The clues only get more baffling. The clock is ticking. You rip apart suitcase after suitcase and book after book, trying to find clues while music reminiscent of Mission Impossible plays in the background. You only have seconds left to crack the code on the safe. Will you be able to escape?
This is Escape Room Live D.C., a tourist attraction in Georgetown. “Spies” have two goals: obtain the key to the room and find the location of the “drop” that is scheduled for tomorrow. Nearly everything in the room is searchable, including the suitcases, the wall decor, the books and various articles of clothing. To make the tasks more difficult, some of the clues are red herrings, designed to throw players off track.
Bright yellow and blue walls welcome spies into a chevron-covered waiting room embellished with mustaches and magnifying glasses. Escape Room defies the notion of the black-and-white noir spy, with eclectic props adding to the espionage theme.
“It’s a room straight out of Pottery Barn,” said Leah Hong, a GW freshman.
The Gamemaster explains the rules to groups of six to eight participants: No cell phones are allowed inside, staff watch the group’s progress from a separate room and the timer will go off at 45 minutes. If a player needs help or breaks a rule, staff members can communicate with the group via intercom.
After the rundown, the group is ushered into the actual Escape Room and the door is locked behind them. Then the game begins.
“The timer made things really stressful. I thought it would be easy at the beginning, but once things got started it became chaos,” Thomas Walker, another freshman, said.
First opened to the public in October, Escape Room has quickly risen in the rankings of D.C. attractions, coming in at No. 14 on TripAdvisor’s list of best activities.
Ginger Flesher thought of the idea for Escape Room when she and her husband visited several similar rooms while on vacation in Europe last summer. They were inspired to bring the concept back to this city with a rich history of espionage, she said.
“We knew there were many other people like us that enjoy doing unique activities that use our brain and are social and interactive,” Flesher said.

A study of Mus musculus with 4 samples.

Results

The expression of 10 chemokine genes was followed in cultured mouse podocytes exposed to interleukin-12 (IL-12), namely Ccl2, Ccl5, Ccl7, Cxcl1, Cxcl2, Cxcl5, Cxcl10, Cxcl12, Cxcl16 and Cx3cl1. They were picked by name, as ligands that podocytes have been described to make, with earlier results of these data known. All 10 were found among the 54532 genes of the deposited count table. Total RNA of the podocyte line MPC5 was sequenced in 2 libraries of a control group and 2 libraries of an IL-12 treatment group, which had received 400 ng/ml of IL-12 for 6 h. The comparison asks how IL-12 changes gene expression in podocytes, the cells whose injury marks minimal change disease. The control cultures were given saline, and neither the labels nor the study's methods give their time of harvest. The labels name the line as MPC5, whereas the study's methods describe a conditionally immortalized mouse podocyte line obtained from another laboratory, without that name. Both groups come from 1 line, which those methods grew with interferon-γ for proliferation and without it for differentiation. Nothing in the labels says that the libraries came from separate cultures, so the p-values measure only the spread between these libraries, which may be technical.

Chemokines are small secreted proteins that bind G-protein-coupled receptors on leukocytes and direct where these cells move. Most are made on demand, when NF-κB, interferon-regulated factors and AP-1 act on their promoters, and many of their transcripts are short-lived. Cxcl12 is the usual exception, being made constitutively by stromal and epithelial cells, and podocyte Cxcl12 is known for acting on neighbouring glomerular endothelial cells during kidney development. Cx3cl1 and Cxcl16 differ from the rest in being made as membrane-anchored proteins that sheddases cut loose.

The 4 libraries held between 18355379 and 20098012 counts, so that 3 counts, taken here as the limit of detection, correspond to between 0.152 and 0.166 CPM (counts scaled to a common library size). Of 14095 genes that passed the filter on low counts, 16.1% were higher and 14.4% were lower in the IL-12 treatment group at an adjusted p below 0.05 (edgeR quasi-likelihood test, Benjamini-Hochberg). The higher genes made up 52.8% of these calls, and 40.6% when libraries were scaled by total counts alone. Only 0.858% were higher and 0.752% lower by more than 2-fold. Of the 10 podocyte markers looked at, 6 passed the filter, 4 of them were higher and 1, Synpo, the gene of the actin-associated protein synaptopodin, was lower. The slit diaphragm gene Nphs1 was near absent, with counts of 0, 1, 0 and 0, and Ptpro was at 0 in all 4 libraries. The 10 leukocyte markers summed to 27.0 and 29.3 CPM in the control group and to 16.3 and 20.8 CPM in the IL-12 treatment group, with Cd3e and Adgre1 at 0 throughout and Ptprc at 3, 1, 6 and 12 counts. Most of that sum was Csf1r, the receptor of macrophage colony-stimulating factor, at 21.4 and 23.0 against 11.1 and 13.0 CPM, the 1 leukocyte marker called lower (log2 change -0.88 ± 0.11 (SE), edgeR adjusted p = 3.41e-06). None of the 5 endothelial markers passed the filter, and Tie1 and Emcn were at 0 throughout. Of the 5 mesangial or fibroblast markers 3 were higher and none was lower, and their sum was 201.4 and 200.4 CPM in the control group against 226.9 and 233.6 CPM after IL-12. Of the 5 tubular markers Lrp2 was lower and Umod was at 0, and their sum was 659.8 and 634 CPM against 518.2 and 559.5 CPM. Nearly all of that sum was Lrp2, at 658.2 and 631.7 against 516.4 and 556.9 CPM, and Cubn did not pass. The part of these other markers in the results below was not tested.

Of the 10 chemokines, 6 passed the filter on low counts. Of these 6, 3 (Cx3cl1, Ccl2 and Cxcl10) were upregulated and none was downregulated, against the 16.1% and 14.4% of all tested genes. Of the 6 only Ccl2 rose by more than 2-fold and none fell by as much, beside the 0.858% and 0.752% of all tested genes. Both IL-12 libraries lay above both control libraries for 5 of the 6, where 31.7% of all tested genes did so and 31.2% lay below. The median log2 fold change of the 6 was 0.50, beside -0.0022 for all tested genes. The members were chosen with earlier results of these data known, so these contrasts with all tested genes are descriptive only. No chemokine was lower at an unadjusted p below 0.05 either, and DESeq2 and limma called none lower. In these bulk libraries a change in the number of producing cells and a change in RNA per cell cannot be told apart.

Flesher was right: In four months, Escape Room has earned positive reviews from local newspapers and attracted crowds large enough to ensure each of the rooms is booked Thursday through Sunday. The Escape Room is not open Monday through Wednesday. Currently, there are two puzzle rooms with two levels of difficulty.
The Fleshers create the puzzles that confound their customers. Ginger Flesher, a retired math teacher, said they based their designs on the European escape rooms, which they found either challenging or simply impossible.
“It is a collaborative process and a lot of backward design. We specifically wanted the rooms to be do-able without outside assistance,” she said.
Escape rooms create an environment where the time limit and the difficult clues make for a spellbinding experience. Whether your role is as a spy looking for an escape or a pirate looking for treasure, attendees are immersed in the game.
Players say Escape Room’s strict no-cell phone rule also encourages person-to-person interaction that can’t be achieved on a tour or in a movie theater.
Escape rooms are also found in Switzerland, Hungary, Australia and several Asian nations. They’ve opened across the United States from San Francisco to New York.
“It provides a virtual reality,” said Catherine Li, a freshman at MIT and a patron of an escape room in San Francisco. “It’s the same reason why everyone plays online role playing games. It’s real life. You actually pick up [a possible clue] and see what happens.”
After he experienced Escape Room in December, Cody Hill was hired to reach out to media outlets on behalf of the Fleshers. He’s not a full-time employee, and described his work as more of a hobby than a job.
“I just thought more people should know about this great experience. It’s really different from anything else out there,” Hill said.
In light of their success, the Fleshers said they hope to open another location in Maryland or Virginia in the next couple of months. The current location is only large enough for two rooms, and the limited space makes it difficult for prospective spies to book a slot, they said. Ginger Flesher said they would like enough space to fit 80 participants.
“We would love for teams to be able to compete against each other in multiple rooms at the same time,” she said.